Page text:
Why Your Doctor May Test for High Protein in Urine (Proteinuria)

Proteinuria, or protein in the urine, occurs when your kidneys aren’t functioning normally, allowing protein to leave your body through your urine. Kidneys with normal function filter toxins out of the blood, while keeping nutrients like protein circulating. Having too much protein in your urine can mean that your kidneys are filtering too much protein out of your blood—protein that your body needs to build muscles and maintain strong bones.

What else causes protein in urine?

Proteinuria causes are linked to other conditions. Diabetes and high blood pressure are the two leading causes of chronic kidney disease (CKD), and kidney damage from those two conditions can result in proteinuria. Lupus, arthritis and other immune system disorders can also cause proteinuria. Protein in the urine can even be a warning sign of pre-eclampsia during pregnancy.

What are the symptoms of proteinuria?

Most often, protein in urine won’t be noticeable until a lab test confirms it. And since so many things can cause protein in your urine, a positive test isn’t an immediate cause for concern. If your doctor sees the need, you may be asked to take another urine test or even participate in a 24-hour urine collection for further testing.

In some cases, proteinuria symptoms may be noticeable:

  • In extreme cases, your urine may appear bubbly, foamy, or frothy.
  • You may also experience swelling in your face, abdomen, hands or feet. 

If you notice proteinuria symptoms, talk to your doctor as soon as possible.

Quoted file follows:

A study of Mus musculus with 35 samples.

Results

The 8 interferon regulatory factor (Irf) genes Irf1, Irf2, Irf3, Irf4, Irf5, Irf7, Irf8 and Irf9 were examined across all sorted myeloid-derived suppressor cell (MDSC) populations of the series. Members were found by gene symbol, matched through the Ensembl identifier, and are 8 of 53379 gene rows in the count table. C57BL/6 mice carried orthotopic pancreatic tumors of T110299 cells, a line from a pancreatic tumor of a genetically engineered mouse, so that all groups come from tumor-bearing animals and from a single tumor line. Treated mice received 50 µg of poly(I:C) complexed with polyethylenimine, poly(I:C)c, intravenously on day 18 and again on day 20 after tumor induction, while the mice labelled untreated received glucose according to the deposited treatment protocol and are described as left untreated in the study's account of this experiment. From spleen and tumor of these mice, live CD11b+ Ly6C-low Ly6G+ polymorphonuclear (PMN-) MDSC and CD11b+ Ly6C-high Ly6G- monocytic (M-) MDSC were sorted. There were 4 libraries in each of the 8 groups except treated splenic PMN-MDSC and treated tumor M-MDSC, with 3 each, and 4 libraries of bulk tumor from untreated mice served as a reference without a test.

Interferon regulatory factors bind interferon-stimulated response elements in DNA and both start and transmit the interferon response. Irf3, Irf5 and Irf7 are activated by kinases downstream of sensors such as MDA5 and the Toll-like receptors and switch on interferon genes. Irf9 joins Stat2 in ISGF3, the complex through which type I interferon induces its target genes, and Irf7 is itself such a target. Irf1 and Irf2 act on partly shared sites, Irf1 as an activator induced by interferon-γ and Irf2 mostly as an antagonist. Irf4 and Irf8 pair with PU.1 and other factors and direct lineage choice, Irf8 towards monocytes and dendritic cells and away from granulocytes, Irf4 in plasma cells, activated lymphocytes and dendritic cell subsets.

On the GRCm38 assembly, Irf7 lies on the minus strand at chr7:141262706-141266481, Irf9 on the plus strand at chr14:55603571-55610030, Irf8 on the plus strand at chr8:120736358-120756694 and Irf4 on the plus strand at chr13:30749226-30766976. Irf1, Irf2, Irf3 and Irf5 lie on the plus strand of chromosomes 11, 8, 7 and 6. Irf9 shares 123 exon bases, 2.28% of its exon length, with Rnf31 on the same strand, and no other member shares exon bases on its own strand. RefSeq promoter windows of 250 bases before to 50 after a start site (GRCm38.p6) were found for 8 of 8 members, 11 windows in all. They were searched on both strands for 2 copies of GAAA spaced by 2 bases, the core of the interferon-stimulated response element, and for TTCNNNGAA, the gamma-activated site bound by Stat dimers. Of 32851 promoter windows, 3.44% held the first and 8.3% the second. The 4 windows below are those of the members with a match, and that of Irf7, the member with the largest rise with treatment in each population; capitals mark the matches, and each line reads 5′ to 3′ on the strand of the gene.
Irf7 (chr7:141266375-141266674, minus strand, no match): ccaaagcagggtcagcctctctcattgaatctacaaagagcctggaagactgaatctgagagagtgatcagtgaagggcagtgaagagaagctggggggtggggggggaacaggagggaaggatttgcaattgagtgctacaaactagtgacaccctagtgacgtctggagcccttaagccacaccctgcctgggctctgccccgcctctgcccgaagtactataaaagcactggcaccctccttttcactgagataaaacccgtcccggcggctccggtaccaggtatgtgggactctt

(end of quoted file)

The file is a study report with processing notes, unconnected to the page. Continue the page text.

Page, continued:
KNOW WHAT TO LOOK FOR

Proteinuria may be an early warning sign that something is wrong with your kidneys. Seeking treatment as soon as possible is important to prevent further damage to your kidneys or the progression of CKD.

How is proteinuria treated?

Since protein in urine is not a problem itself, your treatment will depend on the root cause.
If you have diabetes: you can help manage proteinuria by maintaining a healthy blood sugar, taking medications as directed, eating a healthy diet and getting exercise. Controlling your diabetes can also help protect your kidneys. You may want to ask your doctor about new medications that have been shown to reduce proteinuria and kidney dysfunction in people living with diabetes.
If you have high blood pressure: you may be prescribed medications like ACE inhibitors or ARBs. These medications can lower your blood pressure and help protect your kidneys from further damage.
If examination of your proteinuria leads to a diagnosis of CKD: there are ways to manage the condition. Progression of chronic kidney disease may be slowed with a treatment plan that includes diet and medications. At kidney failure, which is stage 5 CKD, you can live a full life with treatment options including transplant or dialysis.
If you’re currently being treated for chronic kidney disease: protein in urine may be a sign that you need adjustments to your treatment plan. You can learn more about the 5 stages of CKD.